Siriraj Medical Museum
2 Wanglung Road, Khwaeng Siriraj, Khet Bangkok Noi
The Bangkok Medical Museum, also known as Museum of Death, is located within Thailand’s oldest hospital, which is situated along the Chai Praya River’s western bank. It is one of the most unusual and sinister museums in the capital, or indeed the country, but its exposition is interesting not only for those who are keen on medicine, but also for lovers of simple sensationalist gore.
The Siriraj hospital was originally founded by King Rama V in 1888, two years after a brutal cholera epidemic ravaged through almost the whole world. It was named in honor of the late one-and-a-half-year-old son of the monarch, Prince Siriraj Kakuttaphan, who had tragically died of dysentery just a year before the hospital was opened. It has since become one of the leading scientific and educational centers in Southeast Asia.
Nowadays, the Medical Museum functions on its premises. It showcases a huge number of exhibits, including medical equipment and instruments and anatomical and clinical samples, which illustrate the history of Thailand’s modern medicine in one way or another. There are six permanent expositions: Anatomy, Inherent Anomalies, Forensic Medicine, Pathologies, Thai Traditional Medicine, and Toxicology.
This Bangkok museum features a vast collection of unique medical cases that impress not only professionals, but also people who have little to do with medicine at all. Its halls house more than a hundred human bodies, several thousand separate organs with traits of various pathologies, as well as a vast collection of human embryos and infants, all of which contain pathologies of intrauterine development. In addition, exhibits include detailed models of human bodies and modern multimedia medical equipment.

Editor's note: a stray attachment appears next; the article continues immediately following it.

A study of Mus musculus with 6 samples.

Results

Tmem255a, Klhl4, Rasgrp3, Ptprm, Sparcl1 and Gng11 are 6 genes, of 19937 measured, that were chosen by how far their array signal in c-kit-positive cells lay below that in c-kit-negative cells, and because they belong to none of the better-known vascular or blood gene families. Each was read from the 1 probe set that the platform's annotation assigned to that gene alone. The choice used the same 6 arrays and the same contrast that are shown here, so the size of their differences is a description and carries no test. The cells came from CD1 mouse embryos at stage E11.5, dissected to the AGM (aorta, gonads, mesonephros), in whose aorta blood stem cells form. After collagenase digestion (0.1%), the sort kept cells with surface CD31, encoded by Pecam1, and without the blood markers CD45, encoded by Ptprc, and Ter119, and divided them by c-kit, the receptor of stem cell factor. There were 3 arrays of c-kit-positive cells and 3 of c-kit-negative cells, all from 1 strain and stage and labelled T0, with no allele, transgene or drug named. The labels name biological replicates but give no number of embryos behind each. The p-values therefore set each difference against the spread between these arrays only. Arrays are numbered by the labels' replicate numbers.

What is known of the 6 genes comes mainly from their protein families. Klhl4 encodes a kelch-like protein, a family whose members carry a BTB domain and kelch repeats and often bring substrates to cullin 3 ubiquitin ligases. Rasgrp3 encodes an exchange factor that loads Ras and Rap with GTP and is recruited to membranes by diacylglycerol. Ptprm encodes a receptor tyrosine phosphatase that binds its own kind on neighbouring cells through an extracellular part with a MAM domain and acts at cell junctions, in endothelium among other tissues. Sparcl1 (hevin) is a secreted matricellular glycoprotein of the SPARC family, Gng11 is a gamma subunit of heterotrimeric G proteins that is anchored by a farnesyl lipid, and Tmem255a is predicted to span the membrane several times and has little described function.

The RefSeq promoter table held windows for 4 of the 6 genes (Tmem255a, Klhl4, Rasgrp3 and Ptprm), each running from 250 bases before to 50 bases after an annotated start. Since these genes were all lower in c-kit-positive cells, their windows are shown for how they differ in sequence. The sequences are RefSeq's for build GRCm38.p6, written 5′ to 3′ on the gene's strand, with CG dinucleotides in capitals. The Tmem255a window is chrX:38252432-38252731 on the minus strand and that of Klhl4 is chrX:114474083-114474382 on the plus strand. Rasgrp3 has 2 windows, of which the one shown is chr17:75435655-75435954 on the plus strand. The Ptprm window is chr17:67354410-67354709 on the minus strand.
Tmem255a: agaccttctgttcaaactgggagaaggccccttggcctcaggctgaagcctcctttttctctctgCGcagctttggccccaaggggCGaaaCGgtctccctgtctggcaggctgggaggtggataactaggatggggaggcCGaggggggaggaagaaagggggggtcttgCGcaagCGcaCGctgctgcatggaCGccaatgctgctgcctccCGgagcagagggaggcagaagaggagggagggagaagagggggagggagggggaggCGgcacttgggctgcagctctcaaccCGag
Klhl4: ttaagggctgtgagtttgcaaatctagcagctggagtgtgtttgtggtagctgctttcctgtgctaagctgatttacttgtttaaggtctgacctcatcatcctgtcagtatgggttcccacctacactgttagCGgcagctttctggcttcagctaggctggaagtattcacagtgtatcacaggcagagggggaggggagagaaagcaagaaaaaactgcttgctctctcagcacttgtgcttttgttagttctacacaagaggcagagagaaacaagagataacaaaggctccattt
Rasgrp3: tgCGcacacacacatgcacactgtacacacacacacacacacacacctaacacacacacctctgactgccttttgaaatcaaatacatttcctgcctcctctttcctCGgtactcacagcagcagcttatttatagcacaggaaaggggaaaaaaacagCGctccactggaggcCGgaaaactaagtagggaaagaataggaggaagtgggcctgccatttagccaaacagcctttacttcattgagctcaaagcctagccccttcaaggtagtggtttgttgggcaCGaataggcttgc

The section focussing on forensic medicine traditionally enjoys the greatest interest from the side of the visitors. It features exhibits connected with murder and suicide, as well as untimely and natural death. They include skulls, skeletons and organs, which show the evidence of various injuries. You can also see the autopsy tools that were used to establish the cause of death of King Rama VIII. Yet the most popular exhibit is the mummified remains of the first cannibalistic serial killer in the history of modern Thailand. After he was convicted and executed, his body was mummified and put on display as a deterrent against violent crime.
A further section, dedicated to the history and development of Thai traditional medicine, is very popular too. You can see interesting instruments and learn about the peculiarities of Thai massage there too.